The Swiffer Wet Jet: Perfect for mopping up a floor without drips or buckets. Perfect too for fighting off an armed assailant who wanders into your home. A 71-year-old Spartanburg, S.C., man says he chased off a burglar with his Swiffer on Sept. 15. Phillip Graham was cleaning up in the home when a masked assailant came in the back door and ordered the man to the ground. That's when Graham got annoyed. "I thought to myself, 'You ain't coming in this house, son. I'm going to see to it that you don't get in this house,'" Graham told the Spartanburg Herald-Journal. Seeking to defend his home and his wife Irma (who was showering), Graham brandished his Swiffer as a prod and began attacking the suspect. The perpetrator quickly backed out and ran away. He is still at large.
Easy to track
A parolee robbing a pizzeria in Ypsilanti, Mich., forgot one crucial aspect of pulling off his crime: an airtight alibi. A Washtenaw County Sheriff's spokesman said Randolph Westbrook, 43, forgot to remove his GPS tether before walking into a Mr. Pizza restaurant on Sept. 22 and holding it up with a gun. Local law enforcement spotted the man riding a bicycle away from the crime scene a short time later, and eventually caught him in a wooded area when he tried to evade arrest on foot.
A cat-owning couple in Texas Township, Mich., is happy to have their fearless feline back after the cat scurried up a tree where it stayed for a week and a half. Pam Cameron and her husband say they phoned the local fire department, but firefighters didn't have a ladder long enough to reach the cat, which had climbed more than 50 feet up a tree in their backyard. The couple used a bow and arrow to shoot a string up to a branch near the cat to raise a laundry basket filled with food and water to keep the cat alive. But after about 250 hours in the tree the cat was finally coaxed to the ground, where it promptly scratched up a neighbor helping the Camerons.
A road by any other name...
A county commissioner in rural McIntosh County, Ga., believes he has a solution to one of the area's most vexing problems: sign theft. According to county officials, the sign thefts from a few conspicuous roads are costing the county about $17,000 in replacement charges. But County Commissioner Mark Douglas says the fix is easy: Change the names of the roads to make them less attractive to souvenir seekers. The roads in question? Green Acres (a hit television series), Boone's Farm (the name of a low-cost wine), and Mary Jane Lane (a synonym for marijuana).
"What's the point"
Thanks to the microchip embedded in Dave Moorehouse's lost Jack Russell terrier, authorities know exactly where the vagabond pooch is. But because of the United Kingdom's Data Protection Act, they won't tell Moorehouse. The 56-year-old from Huddersfield, West Yorkshire, says the dog, Rocky, was taken off his leash from his home in January 2007. Now, more than three years later, the agency that monitors the pet's microchip asked Moorehouse if he wanted to update the database with the name of Rocky's new owner. "I told Anibase (the agency) that I didn't want to transfer ownership because my dog had been stolen," the self-employed bricklayer told the Telegraph. "I asked them for the name and address of the people who had my dog but they wouldn't give me the details" because to do so would violate the Data Protection Act. "What's the point of having your pet microchipped if you can't get him back?"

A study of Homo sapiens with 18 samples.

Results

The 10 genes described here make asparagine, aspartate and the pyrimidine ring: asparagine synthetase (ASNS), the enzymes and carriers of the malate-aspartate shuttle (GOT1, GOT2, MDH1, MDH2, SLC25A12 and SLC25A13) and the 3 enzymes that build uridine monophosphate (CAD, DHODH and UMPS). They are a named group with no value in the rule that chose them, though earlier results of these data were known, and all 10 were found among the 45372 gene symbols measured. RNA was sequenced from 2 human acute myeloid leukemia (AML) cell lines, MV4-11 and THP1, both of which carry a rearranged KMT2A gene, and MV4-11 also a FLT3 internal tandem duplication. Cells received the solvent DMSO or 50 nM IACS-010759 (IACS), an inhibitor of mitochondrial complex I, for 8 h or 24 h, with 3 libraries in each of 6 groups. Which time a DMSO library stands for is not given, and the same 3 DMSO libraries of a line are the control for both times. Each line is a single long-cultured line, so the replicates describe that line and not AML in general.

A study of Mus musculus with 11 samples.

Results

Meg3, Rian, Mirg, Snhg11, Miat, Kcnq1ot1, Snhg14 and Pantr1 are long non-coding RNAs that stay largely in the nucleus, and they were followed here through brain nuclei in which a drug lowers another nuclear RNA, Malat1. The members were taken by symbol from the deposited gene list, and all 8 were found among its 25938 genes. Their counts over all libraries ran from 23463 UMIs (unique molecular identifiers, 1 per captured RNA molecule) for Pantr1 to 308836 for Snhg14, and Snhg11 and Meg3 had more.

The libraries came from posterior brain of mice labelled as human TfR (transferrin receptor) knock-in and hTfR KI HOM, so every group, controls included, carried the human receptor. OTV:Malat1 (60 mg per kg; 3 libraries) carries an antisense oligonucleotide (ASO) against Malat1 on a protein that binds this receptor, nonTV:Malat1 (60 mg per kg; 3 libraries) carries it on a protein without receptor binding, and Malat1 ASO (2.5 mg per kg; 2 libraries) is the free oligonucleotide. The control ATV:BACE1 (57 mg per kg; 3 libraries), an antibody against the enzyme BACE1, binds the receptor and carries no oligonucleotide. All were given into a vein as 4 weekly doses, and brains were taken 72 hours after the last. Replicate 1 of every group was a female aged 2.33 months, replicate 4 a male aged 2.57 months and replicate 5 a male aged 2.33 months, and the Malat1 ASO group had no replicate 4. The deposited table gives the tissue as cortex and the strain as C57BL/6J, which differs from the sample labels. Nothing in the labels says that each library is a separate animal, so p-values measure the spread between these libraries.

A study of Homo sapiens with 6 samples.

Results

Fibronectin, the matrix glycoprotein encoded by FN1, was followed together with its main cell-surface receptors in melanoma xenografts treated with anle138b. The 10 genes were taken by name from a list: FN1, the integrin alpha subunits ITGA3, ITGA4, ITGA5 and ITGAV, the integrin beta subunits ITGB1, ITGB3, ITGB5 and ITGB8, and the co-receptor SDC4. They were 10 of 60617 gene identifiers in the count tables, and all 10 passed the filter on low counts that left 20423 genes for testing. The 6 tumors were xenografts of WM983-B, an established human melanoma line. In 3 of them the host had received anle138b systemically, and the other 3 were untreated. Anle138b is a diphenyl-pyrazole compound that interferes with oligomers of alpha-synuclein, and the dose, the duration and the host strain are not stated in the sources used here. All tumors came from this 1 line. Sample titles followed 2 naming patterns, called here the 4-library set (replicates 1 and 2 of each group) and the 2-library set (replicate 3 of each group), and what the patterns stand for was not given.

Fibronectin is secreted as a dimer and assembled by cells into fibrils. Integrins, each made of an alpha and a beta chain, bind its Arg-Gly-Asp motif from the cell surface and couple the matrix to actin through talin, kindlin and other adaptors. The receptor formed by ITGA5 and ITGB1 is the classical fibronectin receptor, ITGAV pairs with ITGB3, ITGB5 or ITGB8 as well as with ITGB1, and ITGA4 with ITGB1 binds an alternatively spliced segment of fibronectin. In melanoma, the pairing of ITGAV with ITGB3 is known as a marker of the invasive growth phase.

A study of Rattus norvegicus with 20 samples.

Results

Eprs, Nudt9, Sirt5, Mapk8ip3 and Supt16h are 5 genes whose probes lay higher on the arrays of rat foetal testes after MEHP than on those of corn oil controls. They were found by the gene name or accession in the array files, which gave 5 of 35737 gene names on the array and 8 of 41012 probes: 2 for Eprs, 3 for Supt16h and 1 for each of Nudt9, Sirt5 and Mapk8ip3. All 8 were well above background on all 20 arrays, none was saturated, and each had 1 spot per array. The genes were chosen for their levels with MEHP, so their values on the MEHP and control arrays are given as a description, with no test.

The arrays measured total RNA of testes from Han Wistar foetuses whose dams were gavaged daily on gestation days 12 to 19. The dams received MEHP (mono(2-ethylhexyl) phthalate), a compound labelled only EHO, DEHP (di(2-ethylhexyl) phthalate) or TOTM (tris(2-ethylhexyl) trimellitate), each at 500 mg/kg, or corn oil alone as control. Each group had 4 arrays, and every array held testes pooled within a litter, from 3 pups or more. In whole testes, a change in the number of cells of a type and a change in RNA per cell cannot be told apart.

Home sweet foam
Looking for a sweet 4,000-square-foot house constructed entirely out of polyurethane foam? One Minnesota realtor has a deal for you. The locally famous Minnetrista, Minn., foam house known as "Ensculptic" has hit the real-estate listings with an asking price of $237,000. Built in 1969, the house's façade has been likened to fungus. Without any right angles to aid calculations, real estate agents had to depend on some advanced geometry to calculate the square footage. And just in case no buyer wants to occupy the mushroom house, realtors listed the demolition cost to clear the foam building from the 8.4-acre property.
Organizers were hoping that the 200th anniversary of Oktoberfest would be known by its special bicentennial revelries. Instead, patrons of the historic German festival may remember the event for beer mug brawling. Police in Germany have reported a spike in beer mug violence in the festival, which began Sept. 19. According to police reports, this year's Oktoberfest has seen a 66 percent increase in the number of people being struck in the head by the festival's one-liter glass mugs. Local authorities believe they have sniffed out the cause: "One of the reasons is an excess of alcohol consumption."
Even though Lakeway, Texas, municipal court judge Kevin Madison backtracked on his unpopular stance, the Texas judge may still have to prove his bona fides. Up until September, the judge had banned cowboy boots as part of the dress code of his courtroom. Madison said he had enforced the ban for a decade before media in nearby Austin, Texas, picked up on the story. Then, boot-wearing lawyers from across the state decried the measure. "No question about it. Boots are appropriate for the courthouse," said former judge and U.S. Rep. Ted Poe of Humble. "It almost should be required attire, especially in Texas." Poe says he and other lawyers always wear boots: "I even wear boots with a tux."